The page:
Moscow had earlier pledged to voluntarily reduce production by 500,000 barrels per day starting in March
Shipments of Russian oil have started to decline from February levels, a sign that Moscow is carrying out its plan for a voluntary cut in output, Bloomberg reported this week, citing ship-tracking data.
Russian seaborne crude exports fell by 205,000 barrels per day (bpd) to 3.21 million bpd on a four-week average basis in the period to July 9 and were down compared to the 3.38 million bpd in the four weeks to February 26, the outlet said.
In February Russia pledged to voluntarily cut oil production by 500,000 bpd starting in March. The move followed a Western-imposed price ceiling of $60 a barrel, which Moscow views as a non-market mechanism and deems unacceptable.
Bloomberg linked lower seaborne oil shipments to reduced flows from Russia’s western ports that used to deliver crude to the EU prior to Western sanctions.
At the same time, the outlet claimed the Russian oil output cut was lower than an initially announced 500,000 barrel-per-day reduction.
“Figures from Russia’s Energy Ministry on crude production show that the nation failed to fully implement its pledged output cuts in June. Crude output averaged 9.599 million barrels a day, only 350,000 barrels a day lower than in February,” the outlet said.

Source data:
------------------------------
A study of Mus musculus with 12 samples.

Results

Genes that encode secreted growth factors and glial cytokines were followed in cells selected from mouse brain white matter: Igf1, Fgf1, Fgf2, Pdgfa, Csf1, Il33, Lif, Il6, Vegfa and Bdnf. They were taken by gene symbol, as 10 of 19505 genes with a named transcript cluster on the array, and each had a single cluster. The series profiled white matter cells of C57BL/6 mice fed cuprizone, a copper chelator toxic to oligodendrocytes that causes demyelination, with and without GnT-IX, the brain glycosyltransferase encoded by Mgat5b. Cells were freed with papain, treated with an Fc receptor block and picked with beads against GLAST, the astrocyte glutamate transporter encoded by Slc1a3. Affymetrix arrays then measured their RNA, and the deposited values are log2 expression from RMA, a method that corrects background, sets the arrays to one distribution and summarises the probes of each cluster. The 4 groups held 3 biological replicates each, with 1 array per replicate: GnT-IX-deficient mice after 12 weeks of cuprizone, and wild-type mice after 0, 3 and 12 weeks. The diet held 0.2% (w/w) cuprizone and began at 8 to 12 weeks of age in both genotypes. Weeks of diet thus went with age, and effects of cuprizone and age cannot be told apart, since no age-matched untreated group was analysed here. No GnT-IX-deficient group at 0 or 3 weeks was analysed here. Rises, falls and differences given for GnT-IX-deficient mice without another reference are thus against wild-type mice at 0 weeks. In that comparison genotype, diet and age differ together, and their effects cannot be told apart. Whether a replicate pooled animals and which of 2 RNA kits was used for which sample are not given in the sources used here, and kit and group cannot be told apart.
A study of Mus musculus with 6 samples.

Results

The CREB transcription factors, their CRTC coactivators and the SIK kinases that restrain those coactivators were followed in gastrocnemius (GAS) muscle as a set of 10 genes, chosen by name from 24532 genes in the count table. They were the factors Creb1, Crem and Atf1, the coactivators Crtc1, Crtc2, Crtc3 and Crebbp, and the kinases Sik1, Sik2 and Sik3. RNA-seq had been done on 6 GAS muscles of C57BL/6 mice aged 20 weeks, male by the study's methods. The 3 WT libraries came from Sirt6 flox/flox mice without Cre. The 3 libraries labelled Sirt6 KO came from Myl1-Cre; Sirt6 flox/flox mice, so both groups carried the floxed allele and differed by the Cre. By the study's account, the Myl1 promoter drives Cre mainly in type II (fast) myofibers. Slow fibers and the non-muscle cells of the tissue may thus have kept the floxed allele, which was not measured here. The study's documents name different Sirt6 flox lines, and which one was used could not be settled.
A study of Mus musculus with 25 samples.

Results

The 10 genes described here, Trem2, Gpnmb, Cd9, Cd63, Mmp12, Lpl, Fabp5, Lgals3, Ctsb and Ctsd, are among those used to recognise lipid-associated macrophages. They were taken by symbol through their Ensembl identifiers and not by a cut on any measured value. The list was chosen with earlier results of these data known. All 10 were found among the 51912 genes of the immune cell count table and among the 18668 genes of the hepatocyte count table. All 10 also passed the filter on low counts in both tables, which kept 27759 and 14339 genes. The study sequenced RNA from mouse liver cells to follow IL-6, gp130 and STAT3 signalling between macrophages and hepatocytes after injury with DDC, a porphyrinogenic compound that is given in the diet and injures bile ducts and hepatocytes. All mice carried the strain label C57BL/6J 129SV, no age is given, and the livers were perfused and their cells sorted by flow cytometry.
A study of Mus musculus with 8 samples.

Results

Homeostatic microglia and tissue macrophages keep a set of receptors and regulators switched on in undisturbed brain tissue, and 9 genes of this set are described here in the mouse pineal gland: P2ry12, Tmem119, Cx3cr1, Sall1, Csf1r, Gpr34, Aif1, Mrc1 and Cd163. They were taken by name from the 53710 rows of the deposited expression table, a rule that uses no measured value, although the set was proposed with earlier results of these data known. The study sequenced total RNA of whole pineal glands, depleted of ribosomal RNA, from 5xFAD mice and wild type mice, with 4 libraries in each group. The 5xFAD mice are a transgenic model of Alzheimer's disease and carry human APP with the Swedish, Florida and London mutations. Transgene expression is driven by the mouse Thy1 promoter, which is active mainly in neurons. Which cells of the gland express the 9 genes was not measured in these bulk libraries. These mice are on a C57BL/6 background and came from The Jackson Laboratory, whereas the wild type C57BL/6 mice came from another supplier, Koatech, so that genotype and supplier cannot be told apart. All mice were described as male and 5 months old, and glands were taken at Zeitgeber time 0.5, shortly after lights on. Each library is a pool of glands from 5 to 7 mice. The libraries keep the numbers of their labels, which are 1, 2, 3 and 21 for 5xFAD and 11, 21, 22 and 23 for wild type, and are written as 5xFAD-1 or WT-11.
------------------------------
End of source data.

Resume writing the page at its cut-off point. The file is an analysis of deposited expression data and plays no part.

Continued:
Meanwhile, Russian refineries bolstered processing capacity to their highest levels in 12 weeks in the first days of July, fueled by solid demand for refined oil products abroad, Bloomberg noted.
The decline in crude exports comes after Russia followed Saudi Arabia in announcing further curbs earlier this month, in a move described by Saudi Energy Minister Prince Abdulaziz bin Salman as “quite telling” teamwork between Riyadh and Moscow.
Saudi Arabia said it would extend its voluntary crude output cut of one million bpd for another month to include August, while Russia simultaneously announced a 500,000 bpd drop in exports next month. The cuts will amount to 1.5% of global supply.
The Saudi energy minister described Russia’s oil production cut as meaningful because it affects exports, which can be measured more effectively than production. He noted that the move had been voluntary, not imposed.